New SGI CEO says he'll stick with turnaround plan

Silicon Graphics Inc.'s new chairman and CEO, Robert Bishop, said he'll continue with the turnaround strategy laid out by Richard Belluzzo, who abruptly resigned on Monday, leaving the company scrambling for a replacement.

Speaking to reporters in a conference call hours after accepting the position, Bishop said SGI still has to execute the turnaround plan announced earlier this month. "That's where we have some room for involvement and fine-tuning," he said.

The new strategy calls for narrowing SGI's focus to its server and visual computing units, entering the broadband Internet market, spinning off its NT and Cray supercomputer units and embracing the Linux operating system.

Bishop insisted he's not grooming the Mountain View, California, company for an acquisition and that he's committed for the long term.

William Kelly, senior vice president of corporate operations, said the company chose a successor quickly because "it was important to preserve the momentum that we have. The company could not afford an extended period of interim leadership," he said, pointing as an example to rival Compaq Computer, which went through an extensive search for a new CEO before choosing an insider for the job.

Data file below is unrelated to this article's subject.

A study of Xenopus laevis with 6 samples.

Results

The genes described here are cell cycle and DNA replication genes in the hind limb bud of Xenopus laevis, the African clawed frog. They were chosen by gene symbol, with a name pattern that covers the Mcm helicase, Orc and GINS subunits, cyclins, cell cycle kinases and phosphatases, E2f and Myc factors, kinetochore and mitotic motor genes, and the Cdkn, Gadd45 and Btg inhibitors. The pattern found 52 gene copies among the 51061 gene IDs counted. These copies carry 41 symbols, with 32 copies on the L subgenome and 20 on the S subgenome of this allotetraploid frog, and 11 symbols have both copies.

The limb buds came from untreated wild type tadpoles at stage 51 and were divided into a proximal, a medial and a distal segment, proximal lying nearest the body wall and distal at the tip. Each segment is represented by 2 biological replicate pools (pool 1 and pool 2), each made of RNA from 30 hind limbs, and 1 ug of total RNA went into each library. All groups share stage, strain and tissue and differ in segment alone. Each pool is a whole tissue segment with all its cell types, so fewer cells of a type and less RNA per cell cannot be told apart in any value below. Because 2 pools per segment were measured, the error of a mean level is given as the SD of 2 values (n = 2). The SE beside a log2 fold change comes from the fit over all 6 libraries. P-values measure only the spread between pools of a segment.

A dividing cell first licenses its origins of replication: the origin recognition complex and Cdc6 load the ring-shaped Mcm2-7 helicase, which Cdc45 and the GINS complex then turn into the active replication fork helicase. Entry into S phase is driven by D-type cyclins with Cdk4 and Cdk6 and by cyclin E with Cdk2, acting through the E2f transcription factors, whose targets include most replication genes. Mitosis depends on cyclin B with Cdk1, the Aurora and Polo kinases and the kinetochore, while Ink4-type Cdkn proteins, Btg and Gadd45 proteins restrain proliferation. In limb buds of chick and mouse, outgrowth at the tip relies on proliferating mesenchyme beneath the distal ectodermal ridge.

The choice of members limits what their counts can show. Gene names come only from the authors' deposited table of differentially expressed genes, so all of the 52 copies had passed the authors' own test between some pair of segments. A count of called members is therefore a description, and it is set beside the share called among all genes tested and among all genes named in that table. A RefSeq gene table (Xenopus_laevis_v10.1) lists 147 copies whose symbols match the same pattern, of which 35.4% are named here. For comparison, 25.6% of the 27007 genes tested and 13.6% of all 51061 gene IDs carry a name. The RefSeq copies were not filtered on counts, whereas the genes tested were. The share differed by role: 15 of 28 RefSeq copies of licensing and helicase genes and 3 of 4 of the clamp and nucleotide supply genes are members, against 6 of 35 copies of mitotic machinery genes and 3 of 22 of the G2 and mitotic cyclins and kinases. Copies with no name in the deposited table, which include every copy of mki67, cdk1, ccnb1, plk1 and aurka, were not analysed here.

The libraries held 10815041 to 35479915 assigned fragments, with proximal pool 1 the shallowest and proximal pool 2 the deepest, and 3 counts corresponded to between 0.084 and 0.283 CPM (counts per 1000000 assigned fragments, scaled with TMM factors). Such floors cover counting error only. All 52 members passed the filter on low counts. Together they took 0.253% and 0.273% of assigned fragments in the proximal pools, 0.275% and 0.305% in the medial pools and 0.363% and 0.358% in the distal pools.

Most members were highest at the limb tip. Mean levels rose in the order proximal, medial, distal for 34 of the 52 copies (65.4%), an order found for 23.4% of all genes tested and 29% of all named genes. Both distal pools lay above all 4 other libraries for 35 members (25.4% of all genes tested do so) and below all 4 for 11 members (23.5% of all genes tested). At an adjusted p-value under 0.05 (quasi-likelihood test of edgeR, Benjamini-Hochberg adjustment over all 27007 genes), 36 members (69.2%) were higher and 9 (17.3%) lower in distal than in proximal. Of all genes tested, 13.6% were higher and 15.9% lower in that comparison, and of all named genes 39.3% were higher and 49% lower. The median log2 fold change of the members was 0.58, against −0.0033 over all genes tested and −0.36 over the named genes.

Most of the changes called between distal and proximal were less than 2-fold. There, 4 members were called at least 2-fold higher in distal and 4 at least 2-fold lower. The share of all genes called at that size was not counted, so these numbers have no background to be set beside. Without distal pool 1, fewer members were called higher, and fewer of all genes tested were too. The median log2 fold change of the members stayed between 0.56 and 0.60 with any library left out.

Some observers said putting a new leader at the helm quickly was imperative. "It was important for SGI not to go into a period where they would lose talent because of being leaderless. Belluzzo didn't give them any other alternative," said Philip Rueppel, analyst at Deutsche Banc Alex. Brown in San Francisco.

Bishop also has experience with SGI.

A 35-year technology industry veteran, Bishop joined SGI in 1986 and built its international division. He joined SGI's board of directors in 1993 and continued to be active in management through 1995.

Questions are still swirling around Belluzzo's departure to take a non-CEO position at a noncompeting firm, according to SGI officials who wouldn't elaborate further. Some industry analysts said the prospect of another turnaround try may have been unappealing.

"It doesn't really take me by surprise, considering things aren't really going the way he had anticipated," said Brian Eisenbarth, analyst at Collins & Co. in San Francisco. "This is his second plan. The first plan didn't work out and I think that's why he's leaving."

Belluzzo, a former Hewlett-Packard executive, was named CEO and chairman of SGI in January 1998 to spearhead a plan to reduce operating expenses and eliminate 1,000 jobs worldwide. The company still struggled to achieve profitability until its last quarter when profits rose to $157.8 million. On August 12, Belluzzo unveiled what he called the "second phase" of the turnaround plan.